Luxury on Skid Row? Inside the New Taxpayer-Funded High-Rise for the Homeless

    Sean Pavone / shutterstock.com

    Taxpayers are footing the bill for a swanky new high-rise in Los Angeles where homeless residents will enjoy skyline views, a cafe, a gym, an art studio, and so much more. The cherry on top? It’s all rent-free for the lucky folks who get to reside there.

    The new building has 19 stories and 278 units, with a total cost of $165 million, making each unit approximately $600,000. According to the Los Angeles Times, it is the first of three new high-rise buildings planned to house homeless individuals.

    The high-rise includes various amenities such as a gym, an art room, a soundproofed music room, a computer room with a library, a TV lounge, six common balconies (four of which have dog runs), a courtyard, and a cafe that will host movie nights. Additionally, each apartment is equipped with its own TV.

    This project’s funding comes from the city’s supportive housing loan program, Proposition HHH (approved by voters in 2016), state housing funds, and $56 million in state tax credits.

    Kevin Murray, a former California state senator and the president and chief executive of the Weingart Center (a nonprofit assisting homeless individuals), spearheaded this initiative. “We’re trying to make our little corner of the world look and feel a little better,” Murray told the Times.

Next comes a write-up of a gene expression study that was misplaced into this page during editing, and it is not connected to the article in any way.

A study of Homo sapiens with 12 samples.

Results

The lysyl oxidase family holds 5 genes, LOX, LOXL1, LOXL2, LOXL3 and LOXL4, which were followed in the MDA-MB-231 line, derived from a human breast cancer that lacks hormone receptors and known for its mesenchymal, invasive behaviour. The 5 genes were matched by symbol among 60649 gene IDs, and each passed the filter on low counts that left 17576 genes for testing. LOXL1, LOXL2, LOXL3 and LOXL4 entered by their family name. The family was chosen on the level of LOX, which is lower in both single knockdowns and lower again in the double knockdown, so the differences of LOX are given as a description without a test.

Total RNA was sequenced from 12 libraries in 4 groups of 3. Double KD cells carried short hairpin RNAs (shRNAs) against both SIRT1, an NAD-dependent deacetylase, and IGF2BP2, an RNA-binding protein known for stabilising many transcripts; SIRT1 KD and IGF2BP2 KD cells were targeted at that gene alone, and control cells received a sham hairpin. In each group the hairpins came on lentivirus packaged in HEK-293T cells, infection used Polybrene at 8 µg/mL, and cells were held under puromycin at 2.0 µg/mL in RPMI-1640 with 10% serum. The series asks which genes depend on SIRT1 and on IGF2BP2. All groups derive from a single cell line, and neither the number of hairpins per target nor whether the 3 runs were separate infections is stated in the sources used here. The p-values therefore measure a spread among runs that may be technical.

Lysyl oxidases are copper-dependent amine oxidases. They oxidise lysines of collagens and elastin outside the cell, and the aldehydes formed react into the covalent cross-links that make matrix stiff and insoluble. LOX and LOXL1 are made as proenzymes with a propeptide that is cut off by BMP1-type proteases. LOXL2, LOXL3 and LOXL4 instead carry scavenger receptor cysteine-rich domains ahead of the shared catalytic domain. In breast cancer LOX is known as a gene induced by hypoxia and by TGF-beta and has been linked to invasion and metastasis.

The three new apartment buildings will be situated around the Weingart Center’s headquarters. The second building will contain 302 units, and the third will have 104 units, collectively providing housing for about 700 homeless individuals. The first building’s commercial kitchen will serve the adjacent 600-bed homeless shelter. “We will offer people a meal plan, frankly, because we have a kitchen,” Murray said.

    The project aims to isolate homeless residents from Skid Row’s negative influences. Outside, tents line the sidewalks, and the area is plagued by rampant drug addiction and crime. However, the project has faced criticism. Estela Lopez, who is the executive director of the Downtown Industrial Business Improvement District, has expressed concerns about concentrating extreme poverty. However, she acknowledged the new building as a “campus of hope for those souls who will reside there.”